Published: April 12, 2006
Ask a student what he or she has done at PJC, and you’ll probably receive the usual, less-than-enthusiastic responses: “I’ve studied for college algebra tests,” “I’ve written three English papers,” or “I’ve memorized the names of all of Europe’s kings.”
But if you’re lucky, you just might come across one of the 17 students enrolled in the Special Topics in Biology lab class. Ask one of them, and you’ll get answers like, “I got bitten by a dolphin!” “I snorkeled with sting rays!” or “Man, my tan lines from that wetsuit were awful!”
Believe it or not, PJC offered a course this semester whose lab requirements included testing blubber gloves, measuring heat loss in potatoes, dunking fellow students’ heads underwater. and a three day field trip to Orlando, Florida to swim with dolphins and explore Sea World.
The course, formally called Special Topics in Biology: Marine Mammals, is one class in the Special Topics series offered by the Biology department at PJC. The lab’s companion class is worth one credit and is an overview of the biology of major marine mammals, including bottlenose dolphins, manatees and baleen whales.
But the lab, which is also worth one credit, has a format that is something a little different from the everyday classroom. Ok, very different.
For one thing, each student had to shell out a good amount of money in lab fees- $400, to be exact. However, this included transportation, accommodations in the Hilton Garden Inn, weeklong passes to Sea World, admission to Discovery Cove (an affiliate of Sea World), the dolphin swim- and a resident expert on marine mammals, instructor Jeff Wooters.
On March 3, the class departed by PJC bus at 5 a.m., headed to Orlando for an experience that student Andy Powell later called, “Senior trip on steroids.”
After the nine-hour bus ride, the group recuperated for an hour and spent the first evening at Sea World, exploring the various exhibits and even getting some unusual interaction with some of the animals.
Student Robert Isaacs, for example, was bitten by a dolphin at the Dolphin Cove exhibit.
“It sort of came over and clamped on [my hand],” he said. “The teeth were dull, but it had a very strong grip. It turned from, oh cool, it’s biting me, to oh no, it’s biting me!”
Isaacs said that the trainer explained that like puppies, juvenile dolphins like to chew on objects.
Luckily, the dolphin didn’t break the skin, his hand was fine- and the experience certainly did not dampen his enthusiasm for the trip.
“It was awesome!” he said of the experience.
Wooters said that he was concerned about the cost when the department set up the class, but that the advantages of a hands-on experience made the trip worthwhile.
“I’ve always been a big believer that labs are a better learning experience than classes. Everybody learns differently. The nice thing about labs and especially about field trips is that they appeal to all of [the students’] senses, so everyone can learn,” said Wooters.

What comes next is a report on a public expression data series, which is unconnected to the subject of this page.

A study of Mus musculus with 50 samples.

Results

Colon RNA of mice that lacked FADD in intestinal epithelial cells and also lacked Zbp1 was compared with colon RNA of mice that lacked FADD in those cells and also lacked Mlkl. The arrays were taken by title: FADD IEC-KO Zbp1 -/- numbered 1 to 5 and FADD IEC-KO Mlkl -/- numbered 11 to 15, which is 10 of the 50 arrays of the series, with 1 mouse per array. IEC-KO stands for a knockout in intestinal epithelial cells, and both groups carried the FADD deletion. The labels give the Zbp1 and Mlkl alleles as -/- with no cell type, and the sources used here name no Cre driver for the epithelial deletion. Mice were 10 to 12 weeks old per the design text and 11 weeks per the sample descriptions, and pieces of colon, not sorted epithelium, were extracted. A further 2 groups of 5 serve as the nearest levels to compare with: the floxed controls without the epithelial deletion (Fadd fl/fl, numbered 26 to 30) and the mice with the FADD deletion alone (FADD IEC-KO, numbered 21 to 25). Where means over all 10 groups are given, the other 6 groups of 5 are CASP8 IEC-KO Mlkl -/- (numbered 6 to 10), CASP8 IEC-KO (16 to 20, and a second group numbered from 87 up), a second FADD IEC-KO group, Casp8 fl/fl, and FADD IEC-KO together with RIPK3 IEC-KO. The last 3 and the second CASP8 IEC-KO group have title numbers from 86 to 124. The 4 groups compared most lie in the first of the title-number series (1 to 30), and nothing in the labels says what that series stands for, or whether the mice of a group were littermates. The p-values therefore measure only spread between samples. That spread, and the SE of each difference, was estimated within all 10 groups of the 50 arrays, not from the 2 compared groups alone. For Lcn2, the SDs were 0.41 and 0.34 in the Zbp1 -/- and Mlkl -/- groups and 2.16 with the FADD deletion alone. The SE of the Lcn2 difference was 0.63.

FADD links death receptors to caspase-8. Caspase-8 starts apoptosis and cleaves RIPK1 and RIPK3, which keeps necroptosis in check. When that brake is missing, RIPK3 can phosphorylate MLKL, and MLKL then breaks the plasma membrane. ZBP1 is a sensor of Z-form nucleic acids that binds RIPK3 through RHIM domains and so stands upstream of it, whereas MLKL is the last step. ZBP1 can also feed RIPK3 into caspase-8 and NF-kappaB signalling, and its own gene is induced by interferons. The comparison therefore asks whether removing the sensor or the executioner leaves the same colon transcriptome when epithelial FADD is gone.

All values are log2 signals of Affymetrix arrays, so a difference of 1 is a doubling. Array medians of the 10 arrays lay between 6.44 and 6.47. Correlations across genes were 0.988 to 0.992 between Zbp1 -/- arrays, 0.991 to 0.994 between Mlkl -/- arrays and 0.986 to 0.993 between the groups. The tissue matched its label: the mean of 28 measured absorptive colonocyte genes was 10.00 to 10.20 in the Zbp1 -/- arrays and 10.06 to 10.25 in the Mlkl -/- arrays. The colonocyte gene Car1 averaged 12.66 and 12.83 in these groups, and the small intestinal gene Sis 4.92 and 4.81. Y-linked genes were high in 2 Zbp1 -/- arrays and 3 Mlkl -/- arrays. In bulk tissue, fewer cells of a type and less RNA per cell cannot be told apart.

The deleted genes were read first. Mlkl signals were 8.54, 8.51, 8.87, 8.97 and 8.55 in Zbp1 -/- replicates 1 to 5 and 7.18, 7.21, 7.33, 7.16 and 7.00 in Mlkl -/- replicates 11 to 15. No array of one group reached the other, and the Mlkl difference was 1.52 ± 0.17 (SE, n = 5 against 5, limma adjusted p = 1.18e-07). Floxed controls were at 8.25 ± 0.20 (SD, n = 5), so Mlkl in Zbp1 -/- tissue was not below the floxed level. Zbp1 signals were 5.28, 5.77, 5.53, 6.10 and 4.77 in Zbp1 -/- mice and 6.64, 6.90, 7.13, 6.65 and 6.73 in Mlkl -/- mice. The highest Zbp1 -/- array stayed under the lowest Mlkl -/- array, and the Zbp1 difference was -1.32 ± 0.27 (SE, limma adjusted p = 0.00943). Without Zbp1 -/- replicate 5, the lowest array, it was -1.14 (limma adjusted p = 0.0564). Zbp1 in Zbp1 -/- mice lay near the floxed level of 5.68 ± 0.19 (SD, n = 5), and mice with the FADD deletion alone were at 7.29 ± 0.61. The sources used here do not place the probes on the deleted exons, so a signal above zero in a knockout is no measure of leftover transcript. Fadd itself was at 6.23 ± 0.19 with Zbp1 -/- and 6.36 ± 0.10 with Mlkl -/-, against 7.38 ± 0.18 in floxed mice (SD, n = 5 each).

After the fact, students tended to agree.
“I’m a more hands-on learner,” said Powell, but explained that the most important part of the trip was “sparking your interest and keeping your interest. After all those classes, you finally get to do something with it.”
The second day was the climax of the trip: Discovery Cove. The park, which only admits a limited number of visitors per day, features attractions such as a coral reef, a tropical river and aviary, and of course, the dolphin swim.
Students and instructor alike donned wetsuits, snorkeled in the company of stingrays and even barracudas and sharks (behind glass, of course!), and then got to interact in small groups with dolphins.
“They had us touch the dolphin, feed the dolphin, kiss the dolphin and ride the dolphin,” said Scott Murphy. “It was awesome.”
Without exception, the class was enthusiastic about the experience.
“The coolest thing was that the first time we rubbed [the dolphin’s] back, it came back really slowly and made eye contact, and it was like looking at a person,” said Melissa Murray.
Most students were also impressed with the good treatment that the dolphins receive from their trainers. Some, however, criticized the fact that the interaction was so controlled.
“It was fun, but I wish that it was more personalized,” said Jessica Marcoux, adding that she thoroughly enjoyed the experience and that she was very impressed with the trainers.
Wooters said that the idea for hands-on field trip labs started several years ago, when he took a group of students to Crystal River, Florida, where they snorkeled with manatees.
He said that he has acquaintances who had visited Discovery Cove and that students seemed interested in the idea when proposed it as the next in the Special Topics series. Thus, Special Topics in Biology: Marine Mammals was born.
Wooters says that everything met his expectations on the trip and that it turned out well.
“My favorite part is just seeing people experience things for the first time,” he said.
On the trip, he said he heard “a lot of people saying things like, ‘I never realized how big a manatee really is.’ That’s the difference between book knowledge and experience.”
Unfortunately, those looking to learn more about marine mammals from hands-on experience may have to wait. Each class in the Special Topics series is offered only once, said Wooters. The next class in the series may be offered in the fall, but nothing’s concrete yet.
Any word on the theme of the next one? No, Wooters says. But keep your fingers crossed. If you’re lucky, maybe it’ll involve a comprehensive study of the flora and fauna of Australia.